I am sorry, in my previous post I neglected to mention that there is an improvement in the new Alton Road: They propose increasing the parking lane to 9 feet!
On-street parking is a dangerous, highly addictive habit. When you know it is available, you want it, and may not stop at anything to get it. Plus, not to mention, it is likely cheaper than any parking garage. You let its availability control your life: you plan and scheme to get your fix of it and you will fight to defend your right to stop a lane or two of traffic to maneuver your Hummer into a space.
I want to thank the members of the Alliance for Reliable Transport (ART), for forcing FDOT and the City to see a vision of the future that is different and will, then by definition bring new and needed results. Even I was skeptical when a respected ART steering committee member returned from far-flung historic and highly urbanized Cities around the world with pictures of streets built properly. Streets with wide sidewalks, luscious shade trees and dedicated bicycle lanes. Could this really exist here at home? ART showed us that it could. Yet, no one seems to listen.
If the city and DOT do not listen to ART, at least listen to the neighborhoods: Flamingo Neighborhood, led by Judy Robinson or the Westies, always well represented by Arthur Marcus (and Benita Argos). They know you cannot cross Alton Road, ride on Alton Road, or enjoy a peaceful alfresco meal without inhaling exhaust on Alton Road. We are begging FDOT and the City for something different.
If not the Artists or the Neighbors, listen to the City Engineer, the Traffic Manager or the Public Works Director: Wide sidewalk and a demarked bicycle facility for non-motorized vehicles will increase mobility…. mobility is the key to our economic engine: getting tourists in, getting around, spending their money and leaving to make room for the next.
We should listen to the Costal Communities Transportation Master Plan (CCTMP) that says the traffic and congestion problems do not come from our neighbors; it is internal. The congestion occurs because we believe that we can only get around our seven squares in our cars due to the abundant on-street parking! We should follow the lead of the Mayor of Paris who banned parking on the Champs Ellissee!
Nothing causes more congestion than parking. It takes away the opportunity to do anything else with our precious right-of way but store a ton or two of steel and plastic. Parking is not traffic calming. It is parking. At $1500.00/space (the average revenue per year), the City adds $487,000 a year to its coffers (well, not really into the general fund because parking is an enterprise fund.) Is it worth it? Is $500,000, more a year into the bottomless and questionably productive Parking Fund worth the death of businesses or a pedestrian trying to cross the street?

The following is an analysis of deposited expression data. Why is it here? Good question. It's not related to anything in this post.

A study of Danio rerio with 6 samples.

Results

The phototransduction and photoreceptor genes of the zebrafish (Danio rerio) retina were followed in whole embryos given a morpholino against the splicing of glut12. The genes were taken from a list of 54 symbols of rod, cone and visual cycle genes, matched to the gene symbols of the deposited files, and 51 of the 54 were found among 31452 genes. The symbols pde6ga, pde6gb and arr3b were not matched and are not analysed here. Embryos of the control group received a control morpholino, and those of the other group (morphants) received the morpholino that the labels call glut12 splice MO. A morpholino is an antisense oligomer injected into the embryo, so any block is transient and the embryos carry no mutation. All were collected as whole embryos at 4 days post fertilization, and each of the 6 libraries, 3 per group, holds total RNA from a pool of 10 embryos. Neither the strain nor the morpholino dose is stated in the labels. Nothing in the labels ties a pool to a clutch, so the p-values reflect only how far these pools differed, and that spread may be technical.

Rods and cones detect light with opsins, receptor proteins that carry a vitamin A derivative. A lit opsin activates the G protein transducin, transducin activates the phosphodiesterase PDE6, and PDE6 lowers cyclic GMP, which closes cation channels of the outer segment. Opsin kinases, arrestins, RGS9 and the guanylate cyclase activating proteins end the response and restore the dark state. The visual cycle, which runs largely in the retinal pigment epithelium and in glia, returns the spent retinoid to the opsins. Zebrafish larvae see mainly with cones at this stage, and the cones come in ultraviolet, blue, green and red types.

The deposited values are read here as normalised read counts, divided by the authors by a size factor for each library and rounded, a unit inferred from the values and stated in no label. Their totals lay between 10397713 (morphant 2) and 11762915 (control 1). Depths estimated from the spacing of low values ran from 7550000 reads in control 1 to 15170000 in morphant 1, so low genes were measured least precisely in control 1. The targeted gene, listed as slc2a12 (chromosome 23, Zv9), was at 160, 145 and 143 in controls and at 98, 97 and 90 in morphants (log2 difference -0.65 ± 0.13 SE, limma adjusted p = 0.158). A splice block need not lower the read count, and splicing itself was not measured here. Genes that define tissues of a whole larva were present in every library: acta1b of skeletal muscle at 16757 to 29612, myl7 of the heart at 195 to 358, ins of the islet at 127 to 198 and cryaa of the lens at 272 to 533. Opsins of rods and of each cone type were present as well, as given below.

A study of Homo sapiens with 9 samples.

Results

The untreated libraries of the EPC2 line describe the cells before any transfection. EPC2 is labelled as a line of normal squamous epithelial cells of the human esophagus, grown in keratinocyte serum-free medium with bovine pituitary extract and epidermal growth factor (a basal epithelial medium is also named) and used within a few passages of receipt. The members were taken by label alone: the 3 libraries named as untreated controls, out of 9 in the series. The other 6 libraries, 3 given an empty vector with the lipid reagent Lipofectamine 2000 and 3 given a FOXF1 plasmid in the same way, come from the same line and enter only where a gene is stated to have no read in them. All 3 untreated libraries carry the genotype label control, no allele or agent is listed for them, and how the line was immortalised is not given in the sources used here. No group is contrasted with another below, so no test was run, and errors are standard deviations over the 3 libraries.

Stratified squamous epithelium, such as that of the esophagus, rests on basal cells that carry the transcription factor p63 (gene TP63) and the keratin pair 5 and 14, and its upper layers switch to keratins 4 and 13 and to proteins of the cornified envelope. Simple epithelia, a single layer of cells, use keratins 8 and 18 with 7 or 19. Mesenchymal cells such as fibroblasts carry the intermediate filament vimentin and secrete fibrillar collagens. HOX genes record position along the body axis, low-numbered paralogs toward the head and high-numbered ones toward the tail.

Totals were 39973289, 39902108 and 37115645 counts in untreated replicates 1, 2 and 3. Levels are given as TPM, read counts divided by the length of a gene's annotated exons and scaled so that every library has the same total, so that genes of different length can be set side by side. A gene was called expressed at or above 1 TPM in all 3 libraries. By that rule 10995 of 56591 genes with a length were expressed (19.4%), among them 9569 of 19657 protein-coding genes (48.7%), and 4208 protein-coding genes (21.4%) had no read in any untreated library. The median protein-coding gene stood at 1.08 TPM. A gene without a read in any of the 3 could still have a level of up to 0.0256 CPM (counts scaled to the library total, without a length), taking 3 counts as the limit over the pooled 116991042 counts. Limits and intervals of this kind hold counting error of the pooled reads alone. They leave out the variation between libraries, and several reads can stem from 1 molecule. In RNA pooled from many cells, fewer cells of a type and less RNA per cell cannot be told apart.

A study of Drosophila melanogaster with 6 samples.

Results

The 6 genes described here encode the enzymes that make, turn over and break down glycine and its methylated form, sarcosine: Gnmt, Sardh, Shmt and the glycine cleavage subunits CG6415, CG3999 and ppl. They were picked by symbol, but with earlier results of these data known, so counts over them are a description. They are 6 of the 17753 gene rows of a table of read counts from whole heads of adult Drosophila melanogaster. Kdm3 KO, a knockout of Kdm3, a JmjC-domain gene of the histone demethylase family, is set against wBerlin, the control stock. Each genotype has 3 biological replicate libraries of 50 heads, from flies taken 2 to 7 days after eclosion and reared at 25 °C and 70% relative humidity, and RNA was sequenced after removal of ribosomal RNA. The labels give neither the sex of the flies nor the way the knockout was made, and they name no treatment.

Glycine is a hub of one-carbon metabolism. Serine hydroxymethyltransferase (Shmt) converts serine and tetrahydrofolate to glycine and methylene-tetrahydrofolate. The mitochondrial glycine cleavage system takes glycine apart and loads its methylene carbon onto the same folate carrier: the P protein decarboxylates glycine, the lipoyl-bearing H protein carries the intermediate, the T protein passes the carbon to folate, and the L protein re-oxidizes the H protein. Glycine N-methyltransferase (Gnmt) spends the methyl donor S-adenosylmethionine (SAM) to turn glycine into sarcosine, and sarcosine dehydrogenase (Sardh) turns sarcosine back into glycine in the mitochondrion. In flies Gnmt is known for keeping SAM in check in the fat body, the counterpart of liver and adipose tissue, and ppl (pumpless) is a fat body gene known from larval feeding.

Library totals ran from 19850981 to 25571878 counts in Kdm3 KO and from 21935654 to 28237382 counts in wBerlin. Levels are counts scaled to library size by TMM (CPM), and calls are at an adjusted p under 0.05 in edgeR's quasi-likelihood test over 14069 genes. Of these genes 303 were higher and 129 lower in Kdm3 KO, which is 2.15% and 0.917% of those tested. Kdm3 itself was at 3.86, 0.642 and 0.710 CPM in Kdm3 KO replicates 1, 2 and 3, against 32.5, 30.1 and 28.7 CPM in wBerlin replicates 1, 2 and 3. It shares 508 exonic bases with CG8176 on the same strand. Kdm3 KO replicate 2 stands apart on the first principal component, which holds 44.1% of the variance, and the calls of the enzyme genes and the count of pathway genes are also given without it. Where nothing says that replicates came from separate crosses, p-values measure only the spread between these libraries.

The misconception that there are not enough parking opportunities on Alton Road with out the 325 on street parking spaces is just that: a myth. The City is spending $15 MILLION dollars for 1000 parking spaces at 5thth and West, not to mention that the Herzog & de Meuron Garage and the Robbins Garage will add hundreds spaces. There is ample parking in the area, so when will we be able to re-purpose on-street parking? There is no time better than this project. and Alton, there is parking at 10
Finally, there is the little matter of a memo related to non-motorized vehicles on Alton Road, among others and FDOT statue 335.065(1)(a). In December of 2006, the City declared many of our streets “generally not safe” for non-motorized vehicles”. Don’t we then have an obligation to make them safe by adding a segregated facility for them? Here is our opportunity and an accompanying Florida Statue! The State has a legislative mandate to add the bicycle lane, enhance pedestrian accessibility, and improve safety for all modes of transport. Nowhere in the State Statue or in the City Code is parking (on street parking) given the same kind of priority. Instead, we make that up and justify it with a 10-year-old report called The Walker Study.
Come out on June 26 and tell the City of Miami Beach and the State of Florida that any renovation or rehabilitation of Alton Road that does not include a dedicated bike lane, 20 foot sidewalks, and a travel lane 12 foot wide to accommodate the Baylink is not an Alton Road we want to waste our money on. Tell the bureaucrats and politicians that we will not sit through two torturous years of road construction to end up with the same road we have today.